So did President Bush's five-day trip to Europe amount to anything? Were fences mended, rifts repaired, bridges unburned? The president's entourage wants us to think so. Consider their elated spin on the president's remark that he would "think about" one of his allies' propositions.
It came during his photo op with the Slovakian prime minister, when a reporter asked Bush whether he might join Britain, France, and Germany—the EU-3—in their negotiations to persuade Iran to halt its nuclear-weapons program. The widely quoted part of Bush's reply: "I was listening very carefully to the different ideas on negotiating strategies. … I'm going to go back and think about the suggestions I've heard and the ways forward."
Bush's national security adviser, Stephen Hadley, highlighted the passage while talking to reporters afterward, adding, "I think he wants to go back and think about it and talk to his national-security team." One White House reporter sidled up to a "senior administration official" to ask if this signaled a "shift." Yes, the SAO reportedly replied. "Last fall," he elaborated, "we were yelling at each other."
True, President Bush talked amiably this week with French President Jacques Chirac and German Chancellor Gerhard Schröder. And OK, he said he'd go back and think about all the interesting things they had to say. This is a shift? This is news?
Trans-Atlantic relations have plummeted so deeply the past two years that maybe just listening is news, maybe it does reflect a shift. But the real shift would be if Bush not only listened, but actually took the European advice and joined the negotiations with Iran. First, it would mark the first time in a long while that the United States gave in to a European position rather than demanding fealty from the junior partners across the lake. Second, Bush has so far declined to take part in the EU-3's talks with Iran, not wishing to reward the mullahs for their bad behavior or to legitimize their regime by sitting down at the same table. (He's cited the same rationale in rejecting face-to-face talks with North Korea.) It is widely believed that a shrewd combination of sticks and carrots is required to get the Iranians (or, for that matter, the North Koreans) to abandon their nuclear ambitions—and that only the United States can provide both.
Remember the middle section of The Graduate, where Benjamin follows Elaine to Berkeley and keeps asking her to marry him? Finally she says, "I'll think about it." Benjamin reacts in shock: "Really? You'll really think about it?" That's how some Europeans and several American observers are reacting to Bush's comment that he'll think about joining the Iranian nuclear negotiations. Now it is worth noting, Elaine did end up marrying Benjamin, or at least running out on the frat boy that she'd agreed to marry. So who knows, maybe a shift on Iran is in the works, too.
But chances seem slim, when you consider what Bush said about Iran that his aides did not emphasize.
One of the things I wanted to make sure I heard clearly from our friends in Europe was whether or not they viewed the Iranian problem the same way I did. And they do. Chancellor Schroeder and Prime Minister Blair and President Chirac all said loud and clear that the Iranians should not have a nuclear weapon. And secondly, I was listening very carefully to the different ideas on negotiating strategies. We have a common objective, which is to convince the ayatollahs not to have a nuclear weapon. And I'm going to go back and think about the suggestions I've heard and the ways forward. But the key thing is we're united in the goal. The most effective way to achieve that goal is to have our partners—Great Britain and France and Germany—represent not only the EU, not only NATO, but the United States. And hopefully, we'll be able to reach a diplomatic solution to this effort. We're more likely to do so when we're all on the same page. And I know we're on the same page on this issue when it comes to a common goal. [Italics added.]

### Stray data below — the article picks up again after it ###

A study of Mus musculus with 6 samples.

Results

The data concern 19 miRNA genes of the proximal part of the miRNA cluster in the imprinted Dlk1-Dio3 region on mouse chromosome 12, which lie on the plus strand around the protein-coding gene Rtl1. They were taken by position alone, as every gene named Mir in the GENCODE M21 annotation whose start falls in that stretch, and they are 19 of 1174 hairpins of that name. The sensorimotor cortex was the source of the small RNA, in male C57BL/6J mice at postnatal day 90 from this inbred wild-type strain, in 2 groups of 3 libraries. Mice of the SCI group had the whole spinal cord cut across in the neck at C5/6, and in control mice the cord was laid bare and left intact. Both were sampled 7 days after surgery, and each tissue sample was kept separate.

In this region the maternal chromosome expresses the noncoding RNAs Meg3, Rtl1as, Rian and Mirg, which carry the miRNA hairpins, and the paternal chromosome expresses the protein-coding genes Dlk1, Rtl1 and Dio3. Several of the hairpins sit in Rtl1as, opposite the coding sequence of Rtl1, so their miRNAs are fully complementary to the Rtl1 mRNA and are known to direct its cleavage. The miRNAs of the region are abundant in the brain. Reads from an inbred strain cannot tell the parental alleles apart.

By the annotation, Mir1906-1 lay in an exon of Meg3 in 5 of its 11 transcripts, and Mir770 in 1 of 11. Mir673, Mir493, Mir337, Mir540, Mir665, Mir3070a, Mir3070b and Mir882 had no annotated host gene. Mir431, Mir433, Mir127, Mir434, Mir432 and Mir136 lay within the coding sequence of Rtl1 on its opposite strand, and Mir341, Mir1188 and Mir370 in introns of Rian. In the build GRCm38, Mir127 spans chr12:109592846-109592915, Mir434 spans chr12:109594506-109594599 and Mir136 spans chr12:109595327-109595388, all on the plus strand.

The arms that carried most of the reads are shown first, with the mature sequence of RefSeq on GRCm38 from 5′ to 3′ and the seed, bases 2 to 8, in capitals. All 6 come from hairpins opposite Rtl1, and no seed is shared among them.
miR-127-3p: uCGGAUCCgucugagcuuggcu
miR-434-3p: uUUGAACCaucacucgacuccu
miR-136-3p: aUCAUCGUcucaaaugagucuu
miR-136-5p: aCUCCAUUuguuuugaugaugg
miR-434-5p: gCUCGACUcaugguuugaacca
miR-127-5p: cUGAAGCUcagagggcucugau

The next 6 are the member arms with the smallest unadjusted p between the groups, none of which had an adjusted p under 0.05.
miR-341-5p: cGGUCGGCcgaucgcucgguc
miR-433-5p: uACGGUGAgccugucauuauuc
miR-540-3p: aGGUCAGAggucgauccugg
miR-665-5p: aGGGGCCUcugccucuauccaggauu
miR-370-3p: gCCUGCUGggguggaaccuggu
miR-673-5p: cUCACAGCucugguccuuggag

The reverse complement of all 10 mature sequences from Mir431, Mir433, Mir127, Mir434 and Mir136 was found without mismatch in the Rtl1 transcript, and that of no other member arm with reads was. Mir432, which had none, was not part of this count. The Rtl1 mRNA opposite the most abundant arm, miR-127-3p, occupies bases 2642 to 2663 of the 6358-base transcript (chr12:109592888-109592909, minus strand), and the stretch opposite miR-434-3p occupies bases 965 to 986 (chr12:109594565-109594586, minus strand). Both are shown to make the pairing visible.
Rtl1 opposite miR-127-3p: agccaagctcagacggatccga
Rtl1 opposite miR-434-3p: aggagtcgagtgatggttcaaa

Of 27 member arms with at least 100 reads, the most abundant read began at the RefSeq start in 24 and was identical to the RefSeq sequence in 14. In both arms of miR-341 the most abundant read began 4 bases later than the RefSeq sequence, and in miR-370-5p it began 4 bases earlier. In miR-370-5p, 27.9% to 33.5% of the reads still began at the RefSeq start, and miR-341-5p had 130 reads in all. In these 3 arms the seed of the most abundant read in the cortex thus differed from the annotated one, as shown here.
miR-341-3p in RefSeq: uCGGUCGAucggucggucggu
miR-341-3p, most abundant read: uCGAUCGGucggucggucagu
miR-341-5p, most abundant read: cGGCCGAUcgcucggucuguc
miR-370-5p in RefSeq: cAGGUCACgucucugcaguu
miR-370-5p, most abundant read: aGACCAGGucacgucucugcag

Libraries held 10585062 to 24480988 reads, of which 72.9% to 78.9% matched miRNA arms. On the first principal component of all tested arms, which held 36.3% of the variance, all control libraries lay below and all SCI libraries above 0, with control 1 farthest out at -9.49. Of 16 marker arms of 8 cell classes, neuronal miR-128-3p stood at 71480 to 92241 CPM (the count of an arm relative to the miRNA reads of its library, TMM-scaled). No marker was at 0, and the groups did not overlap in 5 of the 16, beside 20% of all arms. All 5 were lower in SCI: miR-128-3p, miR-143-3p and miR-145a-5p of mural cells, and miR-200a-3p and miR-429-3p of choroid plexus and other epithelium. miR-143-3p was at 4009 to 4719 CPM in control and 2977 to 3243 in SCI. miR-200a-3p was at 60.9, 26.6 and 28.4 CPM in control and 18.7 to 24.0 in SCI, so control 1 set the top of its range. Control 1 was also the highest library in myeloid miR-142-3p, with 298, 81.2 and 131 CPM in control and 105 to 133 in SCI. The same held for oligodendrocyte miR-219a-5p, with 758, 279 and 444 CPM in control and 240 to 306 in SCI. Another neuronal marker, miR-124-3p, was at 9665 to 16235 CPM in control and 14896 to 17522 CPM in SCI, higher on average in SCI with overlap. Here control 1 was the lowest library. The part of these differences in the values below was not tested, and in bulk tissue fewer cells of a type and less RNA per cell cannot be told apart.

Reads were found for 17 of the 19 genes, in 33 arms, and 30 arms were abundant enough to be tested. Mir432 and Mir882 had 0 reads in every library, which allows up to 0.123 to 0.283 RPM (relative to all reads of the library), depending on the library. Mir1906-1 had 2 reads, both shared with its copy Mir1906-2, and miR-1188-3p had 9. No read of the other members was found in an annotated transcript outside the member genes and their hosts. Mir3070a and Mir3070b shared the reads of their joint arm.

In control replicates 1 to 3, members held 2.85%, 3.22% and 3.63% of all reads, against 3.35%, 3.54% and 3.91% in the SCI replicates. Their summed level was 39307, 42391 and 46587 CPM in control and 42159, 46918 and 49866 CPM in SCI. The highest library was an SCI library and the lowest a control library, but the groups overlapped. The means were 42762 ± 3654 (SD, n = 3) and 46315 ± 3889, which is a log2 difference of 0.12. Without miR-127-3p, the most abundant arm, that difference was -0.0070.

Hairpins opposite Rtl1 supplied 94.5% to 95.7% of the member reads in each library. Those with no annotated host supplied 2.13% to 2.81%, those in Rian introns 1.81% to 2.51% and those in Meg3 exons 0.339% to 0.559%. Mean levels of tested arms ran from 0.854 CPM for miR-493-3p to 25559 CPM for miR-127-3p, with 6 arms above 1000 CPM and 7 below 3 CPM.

This is odd. President Bush had to go all the way across the Atlantic to discover that the three major European powers don't want Iran to have an A-bomb? Isn't that obvious, given that they've initiated negotiations to that end? So, of course, we're all "united" and "on the same page" when it comes to "a common goal" (how could we not be "united" on "a common goal"?). But that says nothing about an approach to a solution.
When it comes to the solution, it appears that what Bush is saying is exactly the opposite of its interpretation. He says that the three allies "represent" the United States in talks with Iran—in other words, that we're not going to show up. But if a U.S. delegate isn't actually at the table, why would the Iranians—or anyone else—believe we're a party to whatever's agreed? To the extent Iran is seeking nuclear weapons to deter an attack on its territory, it's the United States (or possibly Israel) that they fear, not Germany, France, or Britain. And so, if an accord is possible (and it may not be), and if the accord entails security guarantees for Iran, those guarantees must come from the United States. Asked about reports of military options against Iran, Bush replied, "This notion that the United States is getting ready to attack Iran is simply ridiculous. And having said that, all options are on the table."
According to the White House transcript, this line was followed by "[Laughter]." At another point, a reporter asked him about Secretary of Defense Donald Rumsfeld's joke, during a recent trip to Munich, that there was a "new and old Rumsfeld." Could the same be said of the president? Nope, he replied, he's the "same old Bush." George W. Bush went to Europe to listen, but he shows no sign of acting on anything that was said.